Volkswagen and Kuka have confirmed the extension of a strategic partnership that hopes to provide innovative solutions for EV charging and parking.
Volkswagen recently announced that it has signed a Cooperation Contract with Kuka Robotics to further analyse two particular areas of mobility. The Volkswagen Group wants to use the partnership to continue a research project into autonomous vehicles and service robots. Part of this project involves a robotic charging point that can independently connect to an EV once the driver has parked in the designated spot.
e-smartConnect unveiled its charging robot in 2015, as well as an autonomous valet system (V-Charge) that drives and parks a vehicle to the appropriate charging point. The project has been designed to meet the needs of next generation EVs and their users. In particular, Volkswagen has been concerned by the increasing power capacity of batteries so has been working to develop chargers capable of supplying power to these batteries in a timely fashion.
e-smartConnect is aiming to provide charging that is capable of meeting the power needs of a car with at least a 500 km range. To do this, the Group declared that it is working towards 80-150 kW DC charging technology – at least doubling its current charger capability for the e-Golf. Such technology, it admitted, will make cables very thick and unwieldy and has therefore decided to develop automated charging to assist with this.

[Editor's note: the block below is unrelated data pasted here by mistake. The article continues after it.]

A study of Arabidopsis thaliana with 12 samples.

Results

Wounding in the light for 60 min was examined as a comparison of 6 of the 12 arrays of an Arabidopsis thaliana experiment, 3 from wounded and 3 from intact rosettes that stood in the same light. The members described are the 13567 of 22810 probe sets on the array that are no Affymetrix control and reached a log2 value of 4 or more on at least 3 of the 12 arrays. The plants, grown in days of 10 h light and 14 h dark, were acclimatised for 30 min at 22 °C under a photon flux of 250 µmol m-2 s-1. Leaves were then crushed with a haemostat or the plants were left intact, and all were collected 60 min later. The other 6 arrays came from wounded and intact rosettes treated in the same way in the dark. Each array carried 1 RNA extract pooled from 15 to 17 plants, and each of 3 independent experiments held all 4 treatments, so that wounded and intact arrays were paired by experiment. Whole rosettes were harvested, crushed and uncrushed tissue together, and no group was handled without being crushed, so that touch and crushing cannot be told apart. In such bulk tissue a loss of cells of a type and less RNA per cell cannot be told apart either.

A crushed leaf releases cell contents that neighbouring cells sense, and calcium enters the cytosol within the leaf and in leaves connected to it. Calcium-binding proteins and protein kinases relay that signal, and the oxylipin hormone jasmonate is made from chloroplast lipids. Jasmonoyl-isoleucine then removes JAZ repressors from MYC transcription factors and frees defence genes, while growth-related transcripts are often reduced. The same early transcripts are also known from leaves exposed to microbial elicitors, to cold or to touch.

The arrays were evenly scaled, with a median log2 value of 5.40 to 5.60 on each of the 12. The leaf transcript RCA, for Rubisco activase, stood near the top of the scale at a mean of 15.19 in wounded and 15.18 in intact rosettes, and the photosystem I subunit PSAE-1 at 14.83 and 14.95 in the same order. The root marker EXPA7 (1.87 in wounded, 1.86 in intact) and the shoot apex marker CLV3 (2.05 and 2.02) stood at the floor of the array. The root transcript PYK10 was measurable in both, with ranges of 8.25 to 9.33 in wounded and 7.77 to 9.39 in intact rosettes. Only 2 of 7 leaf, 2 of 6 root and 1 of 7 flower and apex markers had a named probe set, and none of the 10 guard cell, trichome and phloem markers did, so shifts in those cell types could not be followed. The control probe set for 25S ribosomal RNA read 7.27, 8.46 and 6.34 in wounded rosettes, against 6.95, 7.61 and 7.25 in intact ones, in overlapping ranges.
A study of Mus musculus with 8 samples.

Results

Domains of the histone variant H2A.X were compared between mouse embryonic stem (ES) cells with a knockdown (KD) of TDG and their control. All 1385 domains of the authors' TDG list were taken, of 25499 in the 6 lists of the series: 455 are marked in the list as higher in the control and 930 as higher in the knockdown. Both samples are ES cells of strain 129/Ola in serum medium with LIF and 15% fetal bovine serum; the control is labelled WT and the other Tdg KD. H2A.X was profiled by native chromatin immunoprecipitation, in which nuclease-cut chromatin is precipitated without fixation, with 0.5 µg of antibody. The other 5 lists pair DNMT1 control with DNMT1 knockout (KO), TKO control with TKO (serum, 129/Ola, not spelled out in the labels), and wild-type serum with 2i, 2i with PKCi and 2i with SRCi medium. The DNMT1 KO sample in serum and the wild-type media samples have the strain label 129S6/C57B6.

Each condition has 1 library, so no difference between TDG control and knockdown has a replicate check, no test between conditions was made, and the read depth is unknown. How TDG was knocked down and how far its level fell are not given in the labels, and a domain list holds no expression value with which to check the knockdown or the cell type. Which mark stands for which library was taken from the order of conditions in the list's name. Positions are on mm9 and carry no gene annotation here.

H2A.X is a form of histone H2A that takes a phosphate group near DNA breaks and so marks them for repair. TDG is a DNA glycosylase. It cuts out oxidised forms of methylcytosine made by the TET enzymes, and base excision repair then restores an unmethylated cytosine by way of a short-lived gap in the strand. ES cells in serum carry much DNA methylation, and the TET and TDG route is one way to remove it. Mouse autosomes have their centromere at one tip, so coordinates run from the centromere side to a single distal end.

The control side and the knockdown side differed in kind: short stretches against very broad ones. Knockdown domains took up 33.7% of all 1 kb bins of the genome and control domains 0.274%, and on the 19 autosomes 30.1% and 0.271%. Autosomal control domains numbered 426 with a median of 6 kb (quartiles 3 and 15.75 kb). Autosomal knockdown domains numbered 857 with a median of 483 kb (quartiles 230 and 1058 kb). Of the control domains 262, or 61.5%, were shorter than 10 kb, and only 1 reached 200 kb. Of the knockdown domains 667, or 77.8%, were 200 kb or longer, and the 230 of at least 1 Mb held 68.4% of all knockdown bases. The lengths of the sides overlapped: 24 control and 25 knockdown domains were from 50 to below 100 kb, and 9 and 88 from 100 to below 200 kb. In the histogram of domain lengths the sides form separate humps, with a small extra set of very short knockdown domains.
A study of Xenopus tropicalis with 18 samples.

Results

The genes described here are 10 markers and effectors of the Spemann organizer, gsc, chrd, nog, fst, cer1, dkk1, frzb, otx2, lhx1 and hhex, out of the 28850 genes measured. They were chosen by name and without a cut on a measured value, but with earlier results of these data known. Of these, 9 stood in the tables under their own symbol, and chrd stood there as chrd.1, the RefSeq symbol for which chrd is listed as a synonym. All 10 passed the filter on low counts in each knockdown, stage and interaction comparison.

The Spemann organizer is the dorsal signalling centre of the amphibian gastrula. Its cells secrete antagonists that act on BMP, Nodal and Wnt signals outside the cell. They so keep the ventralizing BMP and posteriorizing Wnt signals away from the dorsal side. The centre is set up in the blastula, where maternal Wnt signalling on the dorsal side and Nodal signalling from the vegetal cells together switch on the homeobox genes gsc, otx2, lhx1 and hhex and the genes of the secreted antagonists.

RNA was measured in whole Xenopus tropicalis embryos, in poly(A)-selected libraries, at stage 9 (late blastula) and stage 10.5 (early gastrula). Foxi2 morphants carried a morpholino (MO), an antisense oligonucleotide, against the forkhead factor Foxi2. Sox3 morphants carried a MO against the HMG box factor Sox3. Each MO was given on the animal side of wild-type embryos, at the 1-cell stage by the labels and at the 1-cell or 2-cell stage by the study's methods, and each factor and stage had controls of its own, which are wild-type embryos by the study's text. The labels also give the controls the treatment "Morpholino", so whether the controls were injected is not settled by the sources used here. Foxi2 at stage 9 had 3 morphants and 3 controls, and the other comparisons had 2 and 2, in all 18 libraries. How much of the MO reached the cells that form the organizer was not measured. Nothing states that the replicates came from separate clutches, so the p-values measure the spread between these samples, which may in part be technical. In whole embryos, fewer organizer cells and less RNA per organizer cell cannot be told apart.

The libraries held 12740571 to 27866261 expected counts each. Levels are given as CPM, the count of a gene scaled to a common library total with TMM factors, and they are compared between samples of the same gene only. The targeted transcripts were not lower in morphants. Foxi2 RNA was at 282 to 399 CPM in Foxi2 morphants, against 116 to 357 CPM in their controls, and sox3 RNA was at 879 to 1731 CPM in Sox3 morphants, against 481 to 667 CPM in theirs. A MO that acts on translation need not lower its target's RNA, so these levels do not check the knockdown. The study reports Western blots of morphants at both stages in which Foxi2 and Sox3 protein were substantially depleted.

In a recent press statement, Volkswagen’s Head of Research and Development, Ulrich Eichhorn, confirmed that it was continuing to concentrate on the important practicalities of new technology. “Autonomous vehicles will contribute to making mobility safer, simpler and more convenient. This includes innovative services associated with the automobile.”
Kuka Robotics, which has headquarters in Ausberg, Germany, is responsible for the robotic components. According to a press release from 2015, the project’s ‘LBR iiwa’ robot is lightweight and uses seven drive axles and integrated torque sensors to enable it to navigate precisely and reliably. The LBR iiwa also has a diverse range of uses. The technology is currently being used by Vodafone as part of a digitisation campaign and Siemens is employing for it for delicate electric motor manufacturing work.
Neither are charging robots a new concept. Indeed, in 2015, Tesla released a video of a prototype robotic snake capable of locating and plugging itself into the car. While some found the robot to be painstakingly slow and rather creepy, others were inspired. A Model S owner created his own charging arm, dubbed the Evtron, based on the prototype.
FreeWire has also produced a similar prototype – the Mobi Charger – which is intended to help businesses offer charging for employees without the expense of installing a station.
The e-smartConnect has clearly identified consumers’ desire for autonomy and the need for the process to be technically supported, fast, easy, and convenient. Kuka’s CEO, Til Reuter, explained: “In future, robots will support humans in many routine tasks. And everyday life in future will be inconceivable without autonomous driving. We will work together on innovative concepts in order to shape this future.”
Yet, it seems that robotic charging has not been given that much attention by researchers and developers, despite being an inevitable part of charging infrastructure. Tesla filed a patent earlier this year that suggests it has abandoned the robotic snake and is looking at the possibility of thermal conditioning as a way to cope with greater power output. However, the company may just be looking to hold onto such an idea without any direct plans to commercialise it. To that end, the e-smartConnect project is at a more mature stage and certainly seems to be more likely to enter domestic use.